The final version of Android N will land at the end of summer 2016, as Google promised us during its I/O developer conference keynote this week. Meanwhile, most of the new Android 7.0 Nougat features are already known, and when looking at the surface, and surveying the official documentation, I find no innovations which will right the current wrongs of Android. The system remains broken.
As an Android fan, I welcome every new version; as the owner of a Nexus 6P, I'm among the first to receive them. In April, I had the Developer Preview in operation before even ten percent of Android devices had been updated to Android Marshmallow. Alas, it was unsuitable for everyday use and offered little value. I reverted back. Where exactly is Android going wrong?
Android lags behind again
What I've observed so far from the Android N Developer Preview is that Android still lags behind in features that some manufacturers already possess in their own individual way. Features like:
- Multi-Window mode, already seen on the LG G3 and the Samsung Galaxy S5
- Number block and block list transfer to other devices, seen from HTC
There are also numerous background optimizations for mobile data and energy consumption, which have been well implemented by other OEMs long ago (Samsung's download booster and Sony's stamina mode, for example).
Much of the Android N update is seems like an attempt to clean up and eliminate the confusion created by the many different variations of these features, rather than upgrading them.
The update process has improved, but not where it was required
Google made strides again to address its broken Android update process. Future devices will have a second system partition, to compile Android updates in the background. Following the silent installation of these, you could restart your smartphone and the updated version of Android would be applied automatically. Even the dreaded optimizing app dialogue will be gone, saving us several lifetimes of waiting around(!)
From a user-perspective, this feature is fantastic. Considered from the perspective of those who must adapt the Android updates for their own platforms, Samsung, Sony et al, this changes very little: their bottleneck still exists.
Should the system kernel be decoupled from the UI in future, then this would cease to be a problem. But right now, most of the Android community – anyone without stock Android – won't feel the benefit of this come update time. They will still have to wait as long as they have previously.
The backups are still broken
Another matter upon which I wish Google focused more attention, is backups. The now six year old backup interface is still in use.
This is one of the features that's been ridiculed by Android users for years since competitor iOS already has a near perfect backup solution. Each time I upgrade my device, apps like WhatsApp, Facebook, Relay for Reddit, Feedly and others must completely reconfigured.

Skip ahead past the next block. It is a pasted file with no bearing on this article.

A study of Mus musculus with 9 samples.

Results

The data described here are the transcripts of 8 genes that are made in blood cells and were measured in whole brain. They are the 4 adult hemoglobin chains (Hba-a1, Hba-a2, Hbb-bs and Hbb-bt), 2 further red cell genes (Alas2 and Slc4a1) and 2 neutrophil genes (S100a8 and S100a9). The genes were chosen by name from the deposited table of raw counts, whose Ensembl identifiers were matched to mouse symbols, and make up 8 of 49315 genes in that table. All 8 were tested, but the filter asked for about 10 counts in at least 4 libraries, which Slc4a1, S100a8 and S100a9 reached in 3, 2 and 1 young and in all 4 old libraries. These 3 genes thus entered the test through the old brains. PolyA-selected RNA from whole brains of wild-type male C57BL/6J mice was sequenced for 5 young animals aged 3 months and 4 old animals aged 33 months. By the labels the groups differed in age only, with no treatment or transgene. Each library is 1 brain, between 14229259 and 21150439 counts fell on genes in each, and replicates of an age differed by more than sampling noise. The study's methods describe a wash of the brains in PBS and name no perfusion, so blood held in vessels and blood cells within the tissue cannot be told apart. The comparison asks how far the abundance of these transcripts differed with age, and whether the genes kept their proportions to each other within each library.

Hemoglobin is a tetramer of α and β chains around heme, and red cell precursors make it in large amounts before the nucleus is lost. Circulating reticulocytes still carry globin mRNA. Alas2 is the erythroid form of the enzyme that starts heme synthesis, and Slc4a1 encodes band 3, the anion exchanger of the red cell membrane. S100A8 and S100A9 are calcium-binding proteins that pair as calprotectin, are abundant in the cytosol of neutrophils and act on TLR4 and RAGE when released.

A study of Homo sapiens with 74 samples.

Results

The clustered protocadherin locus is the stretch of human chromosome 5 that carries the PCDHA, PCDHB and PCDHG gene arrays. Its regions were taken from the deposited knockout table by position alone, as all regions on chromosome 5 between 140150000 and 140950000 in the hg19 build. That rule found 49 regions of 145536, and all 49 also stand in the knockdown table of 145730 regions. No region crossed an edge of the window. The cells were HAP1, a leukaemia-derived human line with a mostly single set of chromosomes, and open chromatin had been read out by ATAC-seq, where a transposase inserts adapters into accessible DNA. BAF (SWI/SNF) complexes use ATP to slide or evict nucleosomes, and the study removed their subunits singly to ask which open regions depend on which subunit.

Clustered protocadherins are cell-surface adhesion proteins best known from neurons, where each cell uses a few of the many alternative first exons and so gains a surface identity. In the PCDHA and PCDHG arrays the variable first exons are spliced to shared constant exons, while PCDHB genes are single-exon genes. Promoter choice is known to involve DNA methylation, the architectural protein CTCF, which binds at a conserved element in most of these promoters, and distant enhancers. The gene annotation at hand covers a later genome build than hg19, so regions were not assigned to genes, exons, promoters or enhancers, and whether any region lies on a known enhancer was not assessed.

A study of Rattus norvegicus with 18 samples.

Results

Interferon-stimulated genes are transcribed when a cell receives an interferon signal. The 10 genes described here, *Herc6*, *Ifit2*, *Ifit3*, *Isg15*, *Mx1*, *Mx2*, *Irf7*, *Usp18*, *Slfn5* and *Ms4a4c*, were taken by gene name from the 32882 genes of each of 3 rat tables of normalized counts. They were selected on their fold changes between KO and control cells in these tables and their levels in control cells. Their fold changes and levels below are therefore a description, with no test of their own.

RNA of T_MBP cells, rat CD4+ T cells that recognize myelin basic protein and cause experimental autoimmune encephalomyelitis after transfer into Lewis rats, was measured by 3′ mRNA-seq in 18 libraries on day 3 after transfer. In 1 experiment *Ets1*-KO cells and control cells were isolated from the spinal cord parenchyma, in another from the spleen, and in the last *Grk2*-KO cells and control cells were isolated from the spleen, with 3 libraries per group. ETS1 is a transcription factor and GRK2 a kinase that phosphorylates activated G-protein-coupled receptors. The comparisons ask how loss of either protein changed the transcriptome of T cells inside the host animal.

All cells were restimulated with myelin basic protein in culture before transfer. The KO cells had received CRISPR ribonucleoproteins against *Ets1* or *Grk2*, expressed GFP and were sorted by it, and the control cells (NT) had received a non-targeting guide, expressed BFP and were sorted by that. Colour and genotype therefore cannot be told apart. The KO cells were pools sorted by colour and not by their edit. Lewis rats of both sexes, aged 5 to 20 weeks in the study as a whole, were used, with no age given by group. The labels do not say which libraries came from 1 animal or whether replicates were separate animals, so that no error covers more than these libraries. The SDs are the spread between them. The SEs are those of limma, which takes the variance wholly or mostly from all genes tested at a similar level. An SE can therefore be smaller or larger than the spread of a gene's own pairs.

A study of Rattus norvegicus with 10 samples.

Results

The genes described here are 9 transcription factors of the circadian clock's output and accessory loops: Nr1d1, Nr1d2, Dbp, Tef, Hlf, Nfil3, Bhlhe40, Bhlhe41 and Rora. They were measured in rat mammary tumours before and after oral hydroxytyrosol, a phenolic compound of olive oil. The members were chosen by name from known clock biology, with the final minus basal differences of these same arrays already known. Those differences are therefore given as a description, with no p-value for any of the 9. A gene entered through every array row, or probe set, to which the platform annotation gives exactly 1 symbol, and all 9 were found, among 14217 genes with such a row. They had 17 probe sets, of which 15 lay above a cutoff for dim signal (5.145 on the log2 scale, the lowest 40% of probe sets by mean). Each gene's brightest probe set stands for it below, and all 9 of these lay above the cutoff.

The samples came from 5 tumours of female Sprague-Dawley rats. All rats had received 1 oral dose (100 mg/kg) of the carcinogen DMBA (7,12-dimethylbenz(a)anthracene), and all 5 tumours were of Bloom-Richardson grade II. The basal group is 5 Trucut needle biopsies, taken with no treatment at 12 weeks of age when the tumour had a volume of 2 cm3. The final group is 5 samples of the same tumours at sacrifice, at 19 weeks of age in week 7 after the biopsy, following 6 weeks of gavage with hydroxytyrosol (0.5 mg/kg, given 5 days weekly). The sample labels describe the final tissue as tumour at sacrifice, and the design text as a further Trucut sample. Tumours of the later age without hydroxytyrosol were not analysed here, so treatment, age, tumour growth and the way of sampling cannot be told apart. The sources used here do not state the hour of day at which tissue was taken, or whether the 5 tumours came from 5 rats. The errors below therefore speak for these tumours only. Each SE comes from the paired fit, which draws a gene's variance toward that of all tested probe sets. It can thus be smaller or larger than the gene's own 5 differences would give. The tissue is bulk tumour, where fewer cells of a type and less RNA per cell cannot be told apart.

Google is too soft on app developers that don't implement certain features. Things like the backup API are too important from a user perspective to let them float by as a mere recommendation. They should be mandatory, and apps that don't comply should be removed from the Play Store. Which brings me to my final point.
The apps are still not safe enough
Google has a number of security measures in place to protect our devices: apps can be deleted remotely from any smartphone and will also be removed from the Play Store if they are revealed to be harmful.
Google's intelligent algorithms automatically detect such dangerous apps based on specific behaviors, which is good, but what is still missing is someone who can make it easier for common users to distinguish a legitimate flashlight app from harmful software simply masquerading as a flashlight app.
Such fraud apps are still omnipresent and most users don't read – or simply don't understand – app permissions which could save them from security problems. Google should have manpower here to prevent this, to tell developers that they should revise their apps within a specified period or else risk being removed from the Play Store.
The biggest security risk on Android is the user himself/herself – but Google still must try harder to ensure that we are protected.
Android updates are still going to arrive too late, backups are still too complicated and every app in the Play Store may still be an attempt to deceive me. Going forward, I hope Google is more brutal with its changes to the Android platform, even at the risks of annoying or inconveniencing users.
That's my take on the failings of Android 7.0 Nougat, what's your view of it? Let me know in the comments.
This article represents the opinion of an AndroidPIT editor and does not necessarily reflect the thoughts of the entire editorial staff.